Being patient is more about the attitude you put forth while waiting and how you face things moving forth. You can’t sit around complaining and itching to jump forth and consider yourself as patient. Patience is being comfortable and secure in your waiting.

If you’re still getting upset or angry over the delay, you’re not patient. Just because you’re sitting still and letting things play out properly doesn’t mean you’re patient. Only those who are able to keep their emotions in check properly are actually patient.

 That all having been said if you are truly patient you are someone who has a lot more figured out than the rest. You rely on yourself for your own happiness and are able to use your emotional intelligence to your advantage. You know that your emotions are something you are in charge of and you are mindful of the way you react to things moving through this life.

Rather than allowing negative thoughts control over your life, you feel them for a moment and then release them, this in an attempt to reduce their control or influence over you. Patience is something that when cultivated properly can seriously come in handy and if you’re capable of the things noted here you know that all too well. Really working to make patience prominent in your life will be one of the most progressive things you ever do.

In regards to patience and it’s importance Psychology Today wrote as follows:

Patience doesn’t mean passivity or resignation, but power. It’s an emotionally freeing practice of waiting, watching, and knowing when to act. I want to give patience a 21st-century makeover so you’ll appreciate its worth.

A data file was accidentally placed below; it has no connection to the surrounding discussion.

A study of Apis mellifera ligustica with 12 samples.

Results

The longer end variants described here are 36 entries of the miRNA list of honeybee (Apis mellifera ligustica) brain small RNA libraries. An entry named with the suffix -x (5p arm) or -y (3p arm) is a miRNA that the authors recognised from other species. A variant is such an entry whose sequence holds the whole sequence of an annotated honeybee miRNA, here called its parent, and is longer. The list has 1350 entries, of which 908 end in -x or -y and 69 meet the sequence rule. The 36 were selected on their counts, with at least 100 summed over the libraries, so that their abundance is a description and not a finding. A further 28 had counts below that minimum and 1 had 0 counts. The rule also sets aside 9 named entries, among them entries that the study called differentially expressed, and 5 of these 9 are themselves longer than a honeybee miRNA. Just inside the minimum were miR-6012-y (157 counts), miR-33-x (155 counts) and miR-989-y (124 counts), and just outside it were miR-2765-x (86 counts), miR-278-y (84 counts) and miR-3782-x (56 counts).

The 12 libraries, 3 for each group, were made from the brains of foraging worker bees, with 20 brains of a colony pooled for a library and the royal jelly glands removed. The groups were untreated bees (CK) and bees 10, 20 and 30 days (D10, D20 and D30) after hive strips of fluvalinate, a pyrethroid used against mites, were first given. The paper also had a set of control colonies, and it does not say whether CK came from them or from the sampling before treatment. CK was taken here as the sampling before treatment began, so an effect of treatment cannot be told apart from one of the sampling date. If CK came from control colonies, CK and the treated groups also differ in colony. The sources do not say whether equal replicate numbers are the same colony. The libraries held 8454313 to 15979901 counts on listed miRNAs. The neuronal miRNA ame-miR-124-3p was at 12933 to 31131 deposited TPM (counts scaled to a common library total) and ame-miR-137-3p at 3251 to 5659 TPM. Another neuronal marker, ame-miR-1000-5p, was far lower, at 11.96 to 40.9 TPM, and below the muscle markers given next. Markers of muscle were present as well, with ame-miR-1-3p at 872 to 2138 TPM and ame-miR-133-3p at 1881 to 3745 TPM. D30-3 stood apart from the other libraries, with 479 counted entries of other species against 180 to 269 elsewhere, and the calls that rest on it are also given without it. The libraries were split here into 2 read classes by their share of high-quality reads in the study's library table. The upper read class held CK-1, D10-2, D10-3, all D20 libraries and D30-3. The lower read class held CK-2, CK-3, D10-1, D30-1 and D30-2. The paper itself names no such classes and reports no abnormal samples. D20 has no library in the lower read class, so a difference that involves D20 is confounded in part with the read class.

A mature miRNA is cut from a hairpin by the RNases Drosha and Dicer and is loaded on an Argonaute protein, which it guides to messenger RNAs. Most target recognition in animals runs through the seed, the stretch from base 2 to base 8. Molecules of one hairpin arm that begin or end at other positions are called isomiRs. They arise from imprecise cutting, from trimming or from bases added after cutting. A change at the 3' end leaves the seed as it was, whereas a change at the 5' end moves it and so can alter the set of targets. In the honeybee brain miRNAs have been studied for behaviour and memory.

Patience has gotten a bad rap for the wrong reasons. To many people, when you say, “Have patience,” it feels unreasonable and inhibiting, like an unfair stalling of aspirations or some Victorian hang-up or hangover. Is this what you’re thinking?

Well, reconsider. I’m presenting patience as a form of compassion, a re-attuning to intuition, a way to emotionally redeem your center in a world filled with frustration.

 To frustrate means to obstruct or make ineffectual. Frustration is a feeling of agitation and intolerance triggered when your needs aren’t met; it’s tied to an inability to delay gratification. At our own risk, we’ve become too used to immediate results. Emails zip across the globe in seconds. Parents text messages to their kids to come in for dinner instead of yelling from a front porch. You can get the temperature in Kuala Lumpur or the Malibu Beach surf report with a click of a mouse.

Despite the digital age’s marvels, it has propagated an emotional zeitgeist with a low tolerance for frustration—not just when you accidentally delete a computer file, but in terms of how you approach relationships and yourself. Without patience, you turn into your own worst taskmaster. You treat spouses and friends as disposable instead of devoting the necessary time to nurture love.

What is patience to you and do you agree with the things mentioned here? Patience is in many ways a very confusing thing but the more we work at it the easier having it becomes. A few years ago I had little to no patience but recently I’ve been really letting go in all the right ways and not allowing setbacks to get under my skin. Personally, I feel much better overall as a result.